Times change and for these European national airlines in the 1970s their branding and liveries were very different from today.
In some cases the airline is sadly no longer with us.
Arguably Iberia’s best scheme was the one worn from the 1980s to 2000s, recently replaced. Before this the livery of the 1970s was a little less elegant, but still reflected the identity of the Spanish flag.
British Airways was only created in 1974 from the merger of British European Airways (BEA) and British Overseas Airways Corporation (BOAC). Its first liveries were Hybrids of what had gone before, such as this Trident wearing the BEA scheme with British Airways titles.
Sud Aviation Caravelles formed a large part of Air France’s 1970s European and domestic fleet. The scheme worn by the airline at the time had been with them for a number of years, and was on the verge of migrating into the livery we have today.
Lufthansa’s iconic crane logo on a blue tail has not changed for a long time. However, during the 1970s it wore a dark grey underbelly and blue cheatline down the fuselage of its aircraft. These would give way for today’s all-white fuselage.
TAP stands for Transportes Aereos Portugueses, which is spelled out down the fuselage of their 1970s livery and abbreviated on the tail. I think few would disagree that today’s TAP livery is much smarter and an improvement on what was worn on this Caravelle.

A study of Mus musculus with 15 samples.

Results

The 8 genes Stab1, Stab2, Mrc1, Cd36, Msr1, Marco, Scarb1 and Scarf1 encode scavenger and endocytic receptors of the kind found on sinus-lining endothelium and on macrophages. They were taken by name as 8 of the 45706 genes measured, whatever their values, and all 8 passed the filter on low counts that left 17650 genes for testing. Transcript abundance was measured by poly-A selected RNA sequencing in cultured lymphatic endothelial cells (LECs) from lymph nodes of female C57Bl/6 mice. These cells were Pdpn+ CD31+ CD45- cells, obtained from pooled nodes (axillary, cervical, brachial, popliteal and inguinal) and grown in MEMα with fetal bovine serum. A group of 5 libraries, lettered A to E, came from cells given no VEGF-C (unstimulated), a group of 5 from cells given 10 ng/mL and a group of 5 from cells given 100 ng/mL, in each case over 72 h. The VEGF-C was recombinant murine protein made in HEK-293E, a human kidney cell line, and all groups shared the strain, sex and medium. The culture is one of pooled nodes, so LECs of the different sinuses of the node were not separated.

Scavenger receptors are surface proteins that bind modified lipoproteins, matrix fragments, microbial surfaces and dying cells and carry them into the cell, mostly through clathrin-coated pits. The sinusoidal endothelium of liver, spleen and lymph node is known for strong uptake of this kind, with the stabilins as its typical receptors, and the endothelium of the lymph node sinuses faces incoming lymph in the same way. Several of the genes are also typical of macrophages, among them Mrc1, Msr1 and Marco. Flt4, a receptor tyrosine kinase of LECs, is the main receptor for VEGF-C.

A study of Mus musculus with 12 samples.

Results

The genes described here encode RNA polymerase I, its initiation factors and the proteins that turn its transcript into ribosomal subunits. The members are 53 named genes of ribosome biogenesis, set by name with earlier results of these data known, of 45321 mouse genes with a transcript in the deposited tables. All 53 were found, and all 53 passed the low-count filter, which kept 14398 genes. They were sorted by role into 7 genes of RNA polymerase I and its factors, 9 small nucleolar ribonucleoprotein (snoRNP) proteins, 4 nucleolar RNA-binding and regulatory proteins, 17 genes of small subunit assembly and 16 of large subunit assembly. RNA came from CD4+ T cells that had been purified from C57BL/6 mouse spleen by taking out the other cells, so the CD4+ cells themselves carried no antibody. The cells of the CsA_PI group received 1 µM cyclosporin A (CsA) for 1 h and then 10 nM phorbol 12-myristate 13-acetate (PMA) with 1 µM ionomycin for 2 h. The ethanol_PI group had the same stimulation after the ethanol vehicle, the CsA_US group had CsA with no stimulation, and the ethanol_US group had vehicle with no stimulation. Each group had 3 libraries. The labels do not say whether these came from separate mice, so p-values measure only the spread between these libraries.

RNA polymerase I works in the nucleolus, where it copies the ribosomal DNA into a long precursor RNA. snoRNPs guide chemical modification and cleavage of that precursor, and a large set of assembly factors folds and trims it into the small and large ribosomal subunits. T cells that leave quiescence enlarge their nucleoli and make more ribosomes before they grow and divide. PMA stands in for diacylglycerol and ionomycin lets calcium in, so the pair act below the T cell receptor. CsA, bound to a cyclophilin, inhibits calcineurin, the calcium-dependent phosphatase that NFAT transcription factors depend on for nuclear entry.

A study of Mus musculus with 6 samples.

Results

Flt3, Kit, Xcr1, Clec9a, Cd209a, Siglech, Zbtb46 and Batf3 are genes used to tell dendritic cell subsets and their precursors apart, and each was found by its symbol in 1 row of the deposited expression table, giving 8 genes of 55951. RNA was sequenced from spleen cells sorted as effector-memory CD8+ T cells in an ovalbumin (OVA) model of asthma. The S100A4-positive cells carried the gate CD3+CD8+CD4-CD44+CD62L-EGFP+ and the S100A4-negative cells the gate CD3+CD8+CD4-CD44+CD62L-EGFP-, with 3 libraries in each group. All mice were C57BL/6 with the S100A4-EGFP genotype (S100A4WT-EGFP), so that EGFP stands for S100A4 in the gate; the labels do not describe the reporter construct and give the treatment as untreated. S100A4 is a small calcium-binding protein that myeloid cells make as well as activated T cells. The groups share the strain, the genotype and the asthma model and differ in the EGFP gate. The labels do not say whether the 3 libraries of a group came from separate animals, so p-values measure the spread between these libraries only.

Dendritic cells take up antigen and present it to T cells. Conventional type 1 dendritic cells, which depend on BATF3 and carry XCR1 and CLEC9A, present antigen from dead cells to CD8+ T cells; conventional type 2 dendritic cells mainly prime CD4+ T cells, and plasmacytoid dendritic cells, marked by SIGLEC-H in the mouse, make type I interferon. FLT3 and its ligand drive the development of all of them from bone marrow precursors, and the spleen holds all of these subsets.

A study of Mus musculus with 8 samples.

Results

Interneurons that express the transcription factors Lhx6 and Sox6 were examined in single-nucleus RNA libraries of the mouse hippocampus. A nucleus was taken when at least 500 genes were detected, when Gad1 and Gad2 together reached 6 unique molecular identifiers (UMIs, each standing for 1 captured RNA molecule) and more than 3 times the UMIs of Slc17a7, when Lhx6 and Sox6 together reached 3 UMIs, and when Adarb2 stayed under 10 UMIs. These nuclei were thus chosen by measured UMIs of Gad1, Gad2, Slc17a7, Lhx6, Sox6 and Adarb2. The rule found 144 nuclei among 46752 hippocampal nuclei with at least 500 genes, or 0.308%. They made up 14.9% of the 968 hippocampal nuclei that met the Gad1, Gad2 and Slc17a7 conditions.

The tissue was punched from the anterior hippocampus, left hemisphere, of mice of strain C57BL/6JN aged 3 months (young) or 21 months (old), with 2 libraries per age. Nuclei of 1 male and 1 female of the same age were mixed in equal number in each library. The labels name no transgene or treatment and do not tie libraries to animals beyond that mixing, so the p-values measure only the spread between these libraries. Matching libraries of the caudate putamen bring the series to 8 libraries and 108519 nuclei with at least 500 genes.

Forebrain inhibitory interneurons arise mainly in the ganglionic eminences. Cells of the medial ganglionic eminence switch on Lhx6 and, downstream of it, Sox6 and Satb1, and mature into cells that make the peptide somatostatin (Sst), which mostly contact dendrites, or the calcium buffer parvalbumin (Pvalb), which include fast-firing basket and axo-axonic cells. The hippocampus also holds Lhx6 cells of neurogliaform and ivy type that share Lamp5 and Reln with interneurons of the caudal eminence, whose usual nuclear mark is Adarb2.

Sadly lost in 2001, Sabena was one of the great European airlines but always struggled financially. The Belgian carrier wore this white, blue and grey scheme in the 1970s, with the familiar iris-style ‘S’ logo on the tail which survived to the end.
SAS Scandinavian Airlines
Like Iberia, SAS wore a livery in the 1980s and 90s which was loved by many, and replaced by today’s more corporate look. Prior to all of this a more complicated livery was worn with a blue cheatline, polished underbelly and white upper fuselage.
KLM Royal Dutch Airlines
Blue was always the colour of KLM, and not the national colour of orange. In the 1970s its aircraft wore thin cheatlines and a striped two-tone blue tail, which on some aircraft was diagonal. This DC-9 is seen at a much quieter Amsterdam Schiphol.
To see these pictures and many more British leisure airline liveries from days gone by, order a copy of our new book, Lost Airline Colours of Europe Timelines, which is available now.
Includes hundreds of pictures of classic airliners and airline colours that have disappeared from our skies.